In just a few days, another Christmas season will be upon us. For many of us, we will gather together with our loved ones, open some presents, eat lots of turkey and other goodies and enjoy the beauty that comes with this time of year.
Traditionally, Christmas has been a time when families come together to celebrate, and despite the many changes that have occurred in our society, coming together as a family continues to be the focus of this holiday. We associate a number of warm and positive emotions with this season and try to focus on being thankful for the blessings that we have in our lives. While this is a wonderful thing, it is important for us to remember that there are people around us who do not have these things this Christmas and who find this time a potent reminder of what they are lacking in their lives.
If you have lots of food to eat, be thankful. Many people struggle to put food on the table and this Christmas have had to choose between gifts for their children and food for themselves.
If you have a roof over your head this Christmas, be thankful. There are many in this province who will spend this Tuesday in a shelter worrying how they are going to find a place to live for themselves and maybe their children. Others are part of the hidden homeless who move from couch to couch with friends, do not have a steady or permanent place to call their home and are forced to live day to day. From the warmth of your home, consider making a donation to one of the charities that fight homelessness throughout the upcoming year so that these people may have a better Christmas next year.
If you have lots of food to eat, be thankful. Many people struggle to put food on the table and this Christmas have had to choose between gifts for their children and food for themselves. When your tummy is full this Tuesday, consider donating your time or money on a monthly basis to help those organizations that struggle to fill this gap for people, and not just donate during the drive leading up to Christmas.
If you are surrounded by family and friends, be thankful. Many people will be sitting alone in their homes because they do not have family or who, for whatever reason, are estranged from other people. While surrounded by your loves ones this Christmas, think about how you can reach out to anyone you know who is alone and invite them to share in regular gatherings throughout the coming year; loneliness doesn’t just occur on special occasions.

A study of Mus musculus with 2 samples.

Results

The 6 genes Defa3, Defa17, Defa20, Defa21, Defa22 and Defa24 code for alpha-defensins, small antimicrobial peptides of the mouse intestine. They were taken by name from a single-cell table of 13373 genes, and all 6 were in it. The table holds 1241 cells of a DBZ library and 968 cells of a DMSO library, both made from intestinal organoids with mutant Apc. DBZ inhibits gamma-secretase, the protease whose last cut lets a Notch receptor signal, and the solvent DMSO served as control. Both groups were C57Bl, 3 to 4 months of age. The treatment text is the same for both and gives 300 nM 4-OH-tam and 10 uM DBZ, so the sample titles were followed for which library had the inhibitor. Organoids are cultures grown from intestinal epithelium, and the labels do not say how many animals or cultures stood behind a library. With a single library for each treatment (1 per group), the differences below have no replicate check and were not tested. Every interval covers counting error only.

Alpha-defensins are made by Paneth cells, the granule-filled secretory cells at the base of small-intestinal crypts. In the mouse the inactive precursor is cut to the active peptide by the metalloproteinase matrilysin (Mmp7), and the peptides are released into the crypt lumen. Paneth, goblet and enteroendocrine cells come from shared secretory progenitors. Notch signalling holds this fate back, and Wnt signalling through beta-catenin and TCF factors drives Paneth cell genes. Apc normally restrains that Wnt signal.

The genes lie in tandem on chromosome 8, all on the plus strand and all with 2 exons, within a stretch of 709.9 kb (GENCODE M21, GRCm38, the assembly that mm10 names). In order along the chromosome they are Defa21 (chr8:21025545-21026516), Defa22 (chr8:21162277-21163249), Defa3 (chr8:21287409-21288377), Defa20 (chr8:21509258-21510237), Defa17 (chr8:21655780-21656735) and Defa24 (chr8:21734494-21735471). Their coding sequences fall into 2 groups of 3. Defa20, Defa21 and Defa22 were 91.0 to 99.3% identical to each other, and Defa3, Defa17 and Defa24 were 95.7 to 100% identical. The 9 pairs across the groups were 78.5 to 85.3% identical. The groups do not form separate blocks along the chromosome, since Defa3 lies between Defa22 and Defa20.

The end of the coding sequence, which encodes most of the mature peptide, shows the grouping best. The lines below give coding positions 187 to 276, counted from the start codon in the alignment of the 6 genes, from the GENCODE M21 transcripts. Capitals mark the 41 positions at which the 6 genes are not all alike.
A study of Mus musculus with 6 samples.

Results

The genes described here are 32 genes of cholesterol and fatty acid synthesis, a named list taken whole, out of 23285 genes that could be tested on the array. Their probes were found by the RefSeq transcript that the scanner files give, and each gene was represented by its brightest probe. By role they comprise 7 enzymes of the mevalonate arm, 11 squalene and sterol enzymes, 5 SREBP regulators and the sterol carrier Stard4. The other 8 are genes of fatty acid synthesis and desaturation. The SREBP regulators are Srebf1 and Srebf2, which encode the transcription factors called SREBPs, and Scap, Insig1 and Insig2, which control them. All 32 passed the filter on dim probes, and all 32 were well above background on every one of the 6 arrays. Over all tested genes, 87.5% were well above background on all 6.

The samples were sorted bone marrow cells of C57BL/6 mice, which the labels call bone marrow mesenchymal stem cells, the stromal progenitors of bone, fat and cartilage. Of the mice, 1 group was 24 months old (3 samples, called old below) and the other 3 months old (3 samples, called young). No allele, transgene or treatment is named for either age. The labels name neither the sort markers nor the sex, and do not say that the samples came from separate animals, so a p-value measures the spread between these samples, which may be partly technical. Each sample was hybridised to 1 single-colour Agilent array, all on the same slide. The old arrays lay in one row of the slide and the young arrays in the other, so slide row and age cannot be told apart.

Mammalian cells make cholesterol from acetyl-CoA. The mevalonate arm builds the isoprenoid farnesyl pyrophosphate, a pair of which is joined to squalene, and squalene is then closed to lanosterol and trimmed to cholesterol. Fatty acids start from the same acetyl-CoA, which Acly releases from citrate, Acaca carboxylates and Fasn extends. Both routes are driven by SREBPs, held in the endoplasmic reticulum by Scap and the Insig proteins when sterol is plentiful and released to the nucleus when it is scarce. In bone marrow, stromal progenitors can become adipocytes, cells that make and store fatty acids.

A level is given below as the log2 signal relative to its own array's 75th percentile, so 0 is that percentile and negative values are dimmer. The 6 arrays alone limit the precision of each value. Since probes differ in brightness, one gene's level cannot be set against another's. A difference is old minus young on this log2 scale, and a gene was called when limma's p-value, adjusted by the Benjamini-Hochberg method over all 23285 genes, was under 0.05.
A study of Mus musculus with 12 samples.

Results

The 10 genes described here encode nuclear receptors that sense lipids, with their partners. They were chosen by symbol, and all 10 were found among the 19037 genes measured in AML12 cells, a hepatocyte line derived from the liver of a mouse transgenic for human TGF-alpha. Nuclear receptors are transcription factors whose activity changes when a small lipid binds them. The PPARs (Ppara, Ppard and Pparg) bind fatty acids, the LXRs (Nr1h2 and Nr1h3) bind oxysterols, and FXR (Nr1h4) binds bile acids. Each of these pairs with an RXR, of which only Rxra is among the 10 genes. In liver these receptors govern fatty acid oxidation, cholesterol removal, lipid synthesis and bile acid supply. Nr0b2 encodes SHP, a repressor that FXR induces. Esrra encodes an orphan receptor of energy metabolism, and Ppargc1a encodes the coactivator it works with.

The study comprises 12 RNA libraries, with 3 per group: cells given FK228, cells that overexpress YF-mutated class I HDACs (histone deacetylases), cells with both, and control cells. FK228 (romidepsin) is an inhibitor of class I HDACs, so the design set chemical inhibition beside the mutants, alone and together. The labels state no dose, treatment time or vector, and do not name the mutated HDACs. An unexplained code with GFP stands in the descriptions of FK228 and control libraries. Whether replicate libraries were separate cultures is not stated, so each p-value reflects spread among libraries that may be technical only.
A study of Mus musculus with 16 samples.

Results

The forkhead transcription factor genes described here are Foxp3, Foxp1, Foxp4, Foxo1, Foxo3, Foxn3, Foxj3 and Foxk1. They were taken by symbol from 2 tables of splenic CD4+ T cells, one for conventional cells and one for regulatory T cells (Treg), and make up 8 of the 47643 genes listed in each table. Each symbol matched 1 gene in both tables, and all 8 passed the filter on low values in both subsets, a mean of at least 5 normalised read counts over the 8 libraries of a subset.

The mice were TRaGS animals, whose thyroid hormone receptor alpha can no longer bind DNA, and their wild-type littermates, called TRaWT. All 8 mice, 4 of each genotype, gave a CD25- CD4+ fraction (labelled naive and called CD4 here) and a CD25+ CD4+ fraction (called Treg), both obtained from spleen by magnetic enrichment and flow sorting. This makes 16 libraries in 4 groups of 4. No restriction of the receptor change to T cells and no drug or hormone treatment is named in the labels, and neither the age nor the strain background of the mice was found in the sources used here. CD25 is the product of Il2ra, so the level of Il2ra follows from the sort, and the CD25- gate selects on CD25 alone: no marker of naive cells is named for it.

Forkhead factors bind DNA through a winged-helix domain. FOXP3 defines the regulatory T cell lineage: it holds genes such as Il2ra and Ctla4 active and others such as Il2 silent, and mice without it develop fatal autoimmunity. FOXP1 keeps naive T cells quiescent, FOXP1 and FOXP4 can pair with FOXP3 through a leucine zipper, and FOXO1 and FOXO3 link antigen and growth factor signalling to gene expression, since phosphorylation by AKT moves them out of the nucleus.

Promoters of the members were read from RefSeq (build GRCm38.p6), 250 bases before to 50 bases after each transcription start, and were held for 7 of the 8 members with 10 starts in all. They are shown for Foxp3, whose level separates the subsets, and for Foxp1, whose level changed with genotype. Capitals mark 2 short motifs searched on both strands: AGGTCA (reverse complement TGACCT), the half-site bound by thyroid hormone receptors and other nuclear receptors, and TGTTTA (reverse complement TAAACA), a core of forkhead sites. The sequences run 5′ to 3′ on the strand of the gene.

If you are feeling happiness this Tuesday, be thankful. Many people are experiencing their first Christmas without a loved one and are feeling pain and grief. For others, Christmas is a time of crises and chaos as those in their lives struggling with addiction have these issues magnified by the spirit of partying and celebration around the season. Make a commitment to reach out to those you know who lost someone throughout the coming months and be aware that not everyone associates Christmas “spirits” with positive memories; try to find a way to respect their need to avoid such situations, no matter what time of the year.
As you celebrate this Christmas, I would encourage you to take a little time to think about what it would take to extend the positive feelings of this season throughout the year. Our society is one in which we place a high priority on family; is there a way that we can extend our understanding of what constitutes our family to include a broader range of people within our community? Is there some small step or commitment that you could make this year to help make our community one in which everyone feels included and everyone has a place where they feel they belong and where they matter? Is there room in your home and in your heart to make space for more people around your family table?
Merry Christmas to you and all of your family, no matter how you choose to define your family this year.
Brian Hodder is an LGBTQ2 activist and works in the field of mental health and addictions. He can be reached at firstname.lastname@example.org.